Imagine you’re 14 years old. You are with the kids from the neighborhood, maybe where you went to school. You have known each other a long time but you still feel awkward and different. You’re fat or have glasses or a speech impediment or weird clothes or a weird family or you’re really, really smart. Maybe you have secrets you are never supposed to tell. Maybe all of those things. All you know is that you do not fit in.
Now you all find yourself at the top of the highest building you can imagine. The view of the sky, the horizon, the landscape, are amazing, beautiful, full of promise. Your friends are happy, taking in the sights, talking excitedly about the day. You are fidgety, impatient, bored. You want to get on to the next adventure.
You try to get everyone the elevator on this top floor. “This will be awesome”, you tell them as you hand out beers as they get on. Some decide not to get on, content where they are, with what they have.
You notice there are no buttons in the elevator, no emergency stop: just a huge red down arrow and more beer, wine and alcohol than you can imagine. Every time empty one another one appears. The anticipation of where this elevator will take you is building.
The arrow turns green and it begins to descend. Your stomach does a little “flip” with the drop of a few floors. You are excited by the sudden but unfamiliar sensation. Your friends gasp, the look of fear evident. Several people throw up. The elevator stops and some get out: they’re not up for this unpredictable ride to nowhere.
You keep drinking. The door closes to continue the down. This time the drop is faster and longer. It feels like a rocket ship to center Earth. You grip the handrails to keep the momentum from hurtling you towards the ceiling. Your adrenaline surges: you are laughing with the thrill of it.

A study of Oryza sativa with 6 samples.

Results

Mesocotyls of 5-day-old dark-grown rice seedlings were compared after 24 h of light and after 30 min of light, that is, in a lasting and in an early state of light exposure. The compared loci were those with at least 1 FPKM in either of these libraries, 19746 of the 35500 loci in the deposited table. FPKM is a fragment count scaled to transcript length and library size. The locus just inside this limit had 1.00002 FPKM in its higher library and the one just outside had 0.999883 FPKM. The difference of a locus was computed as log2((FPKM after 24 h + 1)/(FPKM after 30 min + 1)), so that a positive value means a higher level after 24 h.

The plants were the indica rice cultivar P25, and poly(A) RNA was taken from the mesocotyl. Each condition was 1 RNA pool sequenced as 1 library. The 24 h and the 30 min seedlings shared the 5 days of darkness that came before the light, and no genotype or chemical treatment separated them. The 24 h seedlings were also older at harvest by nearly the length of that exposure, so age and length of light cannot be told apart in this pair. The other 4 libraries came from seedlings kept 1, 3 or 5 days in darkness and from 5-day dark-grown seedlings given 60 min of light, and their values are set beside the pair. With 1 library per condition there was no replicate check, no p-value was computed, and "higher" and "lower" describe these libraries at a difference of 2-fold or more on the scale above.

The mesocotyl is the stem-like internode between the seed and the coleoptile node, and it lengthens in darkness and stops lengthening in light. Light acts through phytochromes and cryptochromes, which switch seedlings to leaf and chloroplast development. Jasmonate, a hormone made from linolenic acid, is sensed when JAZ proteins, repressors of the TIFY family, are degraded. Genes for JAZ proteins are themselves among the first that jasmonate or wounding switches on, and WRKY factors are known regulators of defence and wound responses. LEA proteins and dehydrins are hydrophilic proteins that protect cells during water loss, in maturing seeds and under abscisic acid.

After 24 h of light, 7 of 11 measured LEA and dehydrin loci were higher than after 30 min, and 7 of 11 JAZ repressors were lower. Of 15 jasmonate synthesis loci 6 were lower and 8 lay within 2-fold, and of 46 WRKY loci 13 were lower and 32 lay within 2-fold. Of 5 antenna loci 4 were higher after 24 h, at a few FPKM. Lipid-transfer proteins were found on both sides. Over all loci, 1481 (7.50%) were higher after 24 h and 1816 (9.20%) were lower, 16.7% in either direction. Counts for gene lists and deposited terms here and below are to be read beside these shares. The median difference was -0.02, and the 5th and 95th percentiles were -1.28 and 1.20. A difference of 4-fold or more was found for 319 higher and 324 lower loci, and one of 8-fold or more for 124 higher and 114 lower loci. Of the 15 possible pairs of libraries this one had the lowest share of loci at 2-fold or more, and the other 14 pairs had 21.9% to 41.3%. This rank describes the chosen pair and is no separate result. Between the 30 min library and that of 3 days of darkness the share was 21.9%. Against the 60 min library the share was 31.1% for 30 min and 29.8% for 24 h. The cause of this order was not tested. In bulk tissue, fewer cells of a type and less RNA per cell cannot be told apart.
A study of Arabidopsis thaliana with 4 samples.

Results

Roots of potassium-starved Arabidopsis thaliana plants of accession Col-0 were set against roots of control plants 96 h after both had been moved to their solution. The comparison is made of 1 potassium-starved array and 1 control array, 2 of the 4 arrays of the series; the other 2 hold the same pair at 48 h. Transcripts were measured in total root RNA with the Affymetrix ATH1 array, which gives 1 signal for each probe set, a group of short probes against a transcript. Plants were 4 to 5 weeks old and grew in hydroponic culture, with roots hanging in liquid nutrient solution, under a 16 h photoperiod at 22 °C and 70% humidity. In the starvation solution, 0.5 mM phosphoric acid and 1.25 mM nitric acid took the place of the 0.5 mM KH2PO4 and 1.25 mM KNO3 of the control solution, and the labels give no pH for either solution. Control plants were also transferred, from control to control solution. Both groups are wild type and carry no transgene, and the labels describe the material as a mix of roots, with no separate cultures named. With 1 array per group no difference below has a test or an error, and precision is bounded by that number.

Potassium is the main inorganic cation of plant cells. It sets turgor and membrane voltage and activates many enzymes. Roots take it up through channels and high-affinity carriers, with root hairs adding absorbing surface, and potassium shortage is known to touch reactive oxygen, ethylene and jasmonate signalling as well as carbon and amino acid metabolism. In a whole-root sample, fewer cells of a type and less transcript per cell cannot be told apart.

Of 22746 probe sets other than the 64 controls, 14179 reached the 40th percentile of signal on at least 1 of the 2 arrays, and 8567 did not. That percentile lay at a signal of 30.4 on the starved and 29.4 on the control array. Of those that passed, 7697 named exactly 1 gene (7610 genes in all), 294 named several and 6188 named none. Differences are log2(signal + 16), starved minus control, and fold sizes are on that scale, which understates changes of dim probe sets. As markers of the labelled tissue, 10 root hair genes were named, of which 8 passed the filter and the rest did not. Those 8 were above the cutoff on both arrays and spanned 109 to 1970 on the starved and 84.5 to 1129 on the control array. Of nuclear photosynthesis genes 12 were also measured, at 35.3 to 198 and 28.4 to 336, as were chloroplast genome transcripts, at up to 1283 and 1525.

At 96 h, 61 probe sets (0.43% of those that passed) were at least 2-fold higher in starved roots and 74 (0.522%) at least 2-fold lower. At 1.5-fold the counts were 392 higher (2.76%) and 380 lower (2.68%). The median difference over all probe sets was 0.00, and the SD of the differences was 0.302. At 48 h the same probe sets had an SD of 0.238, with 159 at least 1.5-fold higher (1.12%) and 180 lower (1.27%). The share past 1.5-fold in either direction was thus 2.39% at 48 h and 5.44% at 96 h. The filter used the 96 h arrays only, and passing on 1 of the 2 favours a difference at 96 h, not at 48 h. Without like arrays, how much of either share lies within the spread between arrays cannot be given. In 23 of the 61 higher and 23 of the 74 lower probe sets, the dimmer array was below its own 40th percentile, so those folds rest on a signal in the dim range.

There are only a handful of you left. Another tremendous drop and a jolting stop throws someone to the floor, another person falls into a group in the corner, someone is unconscious on the floor. They are out as soon as the doors open. Now it’s only you and your best drinking buddy. Just before the doors close, she wobbles through them unsteadily, first walking then crawling. As she turns around, you see her expression turn from fear to relief.
The doors close again. You are in an endless plummet. The green arrow is blinking faster and faster with the speed of descent. You close your eyes. Your feeling of excitement has become abject fear. When you open your eyes, the elevator car has shrunken and become dark and cold.
Your heart is beating out of your chest, your head is pounding, you squirm to find a position to relieve your anxiety and pain, you are asking yourself why you are still on this DAMN ELEVATOR! Now you are screaming into the abyss: “STOP! STOP! STOP! LET ME OUT! I AM DONE!”
A soft light comes on in the elevator. It comes to a slow, soft stop. The doors open to a set of ascending stairs. You begin to climb, unsteadily at first. You can hear voices upstairs: they sound happy, they’re laughing. You stumble and suddenly someone comes to help you. You shake them off and stumble again. They reach out a hand and smile. This time you accept the help and begin to climb out of the darkness. You know you can’t do this alone.
* The title, The Elevator, is inspired by my friend Paul Churchill and his Recovery Elevator podcast, which I have been binge-listening for the past several weeks. Paul is committed not only to his own recovery, but to being of service to others and helping them with theirs. The RE podcast quickly became one of my tools to maintain my sobriety and the people around the country who I have met, personally and virtually, through Paul, inspire and motivate everyday to continue living a life of sobriety. Thank you Paul.